By Ilana Williams
For The Diamondback

Rosh Hashanah, which marks the Jewish New Year, looked different for many Jewish students at the University of Maryland this year.

Finding ways to celebrate amid the COVID-19 pandemic posed challenges for many members of the Jewish community on the campus, forcing student groups and coordinators to find new ways to come together in a time when people are being forced apart.

Naomi Gohn, associate executive director of Hillel, a Jewish student center on the campus, said that creating ways to come together for the Jewish High Holidays this year was important, despite difficult circumstances.

“This is a really hard time for everyone,” Gohn said. “And any opportunity that we have to show that we’re here and to show that we are a community together — even if we’re a community apart — is valuable.”

Before the pandemic Hillel hosted weekly in-person services and funded Friday night Shabbat dinners — including for the High Holidays — at times accommodating hundreds of students.

But this year, adjustments had to be made.


“We do services every other Friday online on Zoom,” Landesman said. “And then we also have a lot of different opportunities for people to get involved, even if they don’t connect to Judaism through prayer and services.”

Hillel’s conservative, traditional egalitarian student group, Ometz, has been hosting online events, said Ometz coordinator Hannah Freeman. However, connecting with other members of the Jewish community has still been difficult.

“It’s been really hard,” Freeman said. “We haven’t been able to have services like we usually do, and that was kind of like a shock to the system.”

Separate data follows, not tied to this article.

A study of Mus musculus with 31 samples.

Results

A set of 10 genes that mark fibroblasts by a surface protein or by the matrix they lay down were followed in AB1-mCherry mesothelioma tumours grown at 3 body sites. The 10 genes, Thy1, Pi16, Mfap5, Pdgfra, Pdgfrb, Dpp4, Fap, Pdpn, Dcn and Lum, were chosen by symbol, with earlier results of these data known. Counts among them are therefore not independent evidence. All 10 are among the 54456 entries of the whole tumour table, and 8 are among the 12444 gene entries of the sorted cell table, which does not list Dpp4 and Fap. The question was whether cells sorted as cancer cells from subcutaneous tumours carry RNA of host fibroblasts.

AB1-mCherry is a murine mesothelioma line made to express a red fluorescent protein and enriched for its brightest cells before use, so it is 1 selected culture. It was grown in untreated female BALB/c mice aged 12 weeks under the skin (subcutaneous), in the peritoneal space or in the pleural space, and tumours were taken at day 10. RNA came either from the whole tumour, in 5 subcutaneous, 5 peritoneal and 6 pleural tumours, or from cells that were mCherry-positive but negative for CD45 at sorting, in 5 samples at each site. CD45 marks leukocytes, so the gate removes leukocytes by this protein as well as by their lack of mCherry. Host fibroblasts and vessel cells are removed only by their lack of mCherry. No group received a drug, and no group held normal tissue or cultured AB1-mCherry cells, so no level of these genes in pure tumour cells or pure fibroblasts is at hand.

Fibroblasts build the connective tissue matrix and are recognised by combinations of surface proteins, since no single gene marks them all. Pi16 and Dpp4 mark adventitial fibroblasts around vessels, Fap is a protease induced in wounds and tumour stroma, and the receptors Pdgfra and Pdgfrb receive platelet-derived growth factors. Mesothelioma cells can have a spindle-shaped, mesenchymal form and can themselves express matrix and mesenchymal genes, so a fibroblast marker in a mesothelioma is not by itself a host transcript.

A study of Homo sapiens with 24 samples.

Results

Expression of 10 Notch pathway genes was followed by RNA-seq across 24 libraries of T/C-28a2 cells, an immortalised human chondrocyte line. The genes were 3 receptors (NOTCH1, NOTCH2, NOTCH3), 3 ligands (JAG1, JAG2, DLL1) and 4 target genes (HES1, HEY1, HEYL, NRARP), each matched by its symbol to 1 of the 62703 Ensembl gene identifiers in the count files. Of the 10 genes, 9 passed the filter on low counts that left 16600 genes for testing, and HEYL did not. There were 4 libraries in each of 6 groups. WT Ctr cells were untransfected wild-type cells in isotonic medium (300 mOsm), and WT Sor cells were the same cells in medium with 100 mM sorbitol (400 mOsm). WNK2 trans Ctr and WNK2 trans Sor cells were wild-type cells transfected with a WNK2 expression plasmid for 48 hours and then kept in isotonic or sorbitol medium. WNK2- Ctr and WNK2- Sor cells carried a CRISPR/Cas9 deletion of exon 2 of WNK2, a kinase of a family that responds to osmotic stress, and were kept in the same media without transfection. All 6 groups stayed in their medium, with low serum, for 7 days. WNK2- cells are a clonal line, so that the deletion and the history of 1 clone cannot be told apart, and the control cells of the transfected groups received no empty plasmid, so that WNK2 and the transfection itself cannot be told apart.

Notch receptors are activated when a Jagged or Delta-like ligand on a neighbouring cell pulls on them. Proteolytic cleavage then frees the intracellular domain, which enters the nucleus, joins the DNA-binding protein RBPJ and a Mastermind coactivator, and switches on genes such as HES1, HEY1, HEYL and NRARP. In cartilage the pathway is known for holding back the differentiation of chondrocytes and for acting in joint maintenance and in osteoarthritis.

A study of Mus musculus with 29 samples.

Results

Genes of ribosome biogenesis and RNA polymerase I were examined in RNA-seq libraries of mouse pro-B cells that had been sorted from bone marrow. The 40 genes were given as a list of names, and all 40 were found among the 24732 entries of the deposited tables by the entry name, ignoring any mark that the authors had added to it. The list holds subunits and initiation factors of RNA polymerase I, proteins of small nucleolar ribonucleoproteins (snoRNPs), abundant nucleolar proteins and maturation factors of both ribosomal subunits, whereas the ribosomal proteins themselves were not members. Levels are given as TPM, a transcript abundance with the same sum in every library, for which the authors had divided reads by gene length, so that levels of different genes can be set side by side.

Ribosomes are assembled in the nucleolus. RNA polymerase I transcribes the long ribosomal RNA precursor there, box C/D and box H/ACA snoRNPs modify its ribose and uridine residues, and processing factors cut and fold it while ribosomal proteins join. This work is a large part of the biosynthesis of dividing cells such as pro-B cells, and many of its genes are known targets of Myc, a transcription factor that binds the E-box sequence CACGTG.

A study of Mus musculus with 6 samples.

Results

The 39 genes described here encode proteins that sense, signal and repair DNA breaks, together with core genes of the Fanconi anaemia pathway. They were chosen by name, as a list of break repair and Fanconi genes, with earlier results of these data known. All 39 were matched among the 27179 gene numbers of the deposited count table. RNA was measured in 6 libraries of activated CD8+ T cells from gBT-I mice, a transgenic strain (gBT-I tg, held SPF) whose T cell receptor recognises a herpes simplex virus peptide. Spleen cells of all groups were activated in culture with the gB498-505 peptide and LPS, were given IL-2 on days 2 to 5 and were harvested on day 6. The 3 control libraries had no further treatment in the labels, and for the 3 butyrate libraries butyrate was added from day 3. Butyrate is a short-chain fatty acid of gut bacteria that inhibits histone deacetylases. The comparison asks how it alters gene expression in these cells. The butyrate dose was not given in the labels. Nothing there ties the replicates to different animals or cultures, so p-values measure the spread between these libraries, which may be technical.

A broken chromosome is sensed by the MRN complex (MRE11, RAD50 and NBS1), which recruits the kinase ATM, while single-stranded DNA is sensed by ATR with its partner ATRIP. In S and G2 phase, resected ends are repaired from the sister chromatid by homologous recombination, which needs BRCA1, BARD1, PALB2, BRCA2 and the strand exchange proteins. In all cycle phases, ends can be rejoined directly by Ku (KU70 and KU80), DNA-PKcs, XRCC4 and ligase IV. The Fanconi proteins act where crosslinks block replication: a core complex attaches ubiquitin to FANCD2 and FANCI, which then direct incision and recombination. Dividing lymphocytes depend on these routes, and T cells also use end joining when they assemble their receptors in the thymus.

Elaine Berger, a freshman Jewish studies major, said she found it challenging to motivate herself to participate in services and activities online.

“Being in-person is a really big part of Judaism for me,” Berger said. “The service is important for a lot of people.”

Berger also said she missed being home for the High Holidays this year.

But members of the Jewish community have found ways to bring traditions that many celebrate at home to the campus.

Rabbi Eli Backman, a campus chaplain and the director of Chabad, a Jewish center, made chicken soup for students in some dorms, off-campus apartments and quarantined housing. Backman and his wife have been making soup for students for years, he said, but when COVID-19 began to affect students over the past two weeks, they started delivering soup nonstop.

“Hot, homemade chicken soup heals,” Backman said. “It just does.”

On Sunday, Backman and his family blew the Shofar, a ram’s horn sounded during the High Holidays, at about 30 places across the campus.

Usually, the Shofar is blown outside of dining halls, but with so many students in isolation, Backman said, they organized a new plan.

A number of Jewish students live in Denton Hall, which is currently under enhanced health precautions, Backman said. After reaching out to the university’s Department of Resident Life, Backman got permission to stand outside of the building and blow the Shofar, allowing residents inside to “hear Rosh Hashanah” through the windows.

“It brought them back to all their memories, and brought them back Rosh Hashanah,” Backman said. “That gave them that connection, which is what holidays mean so much.”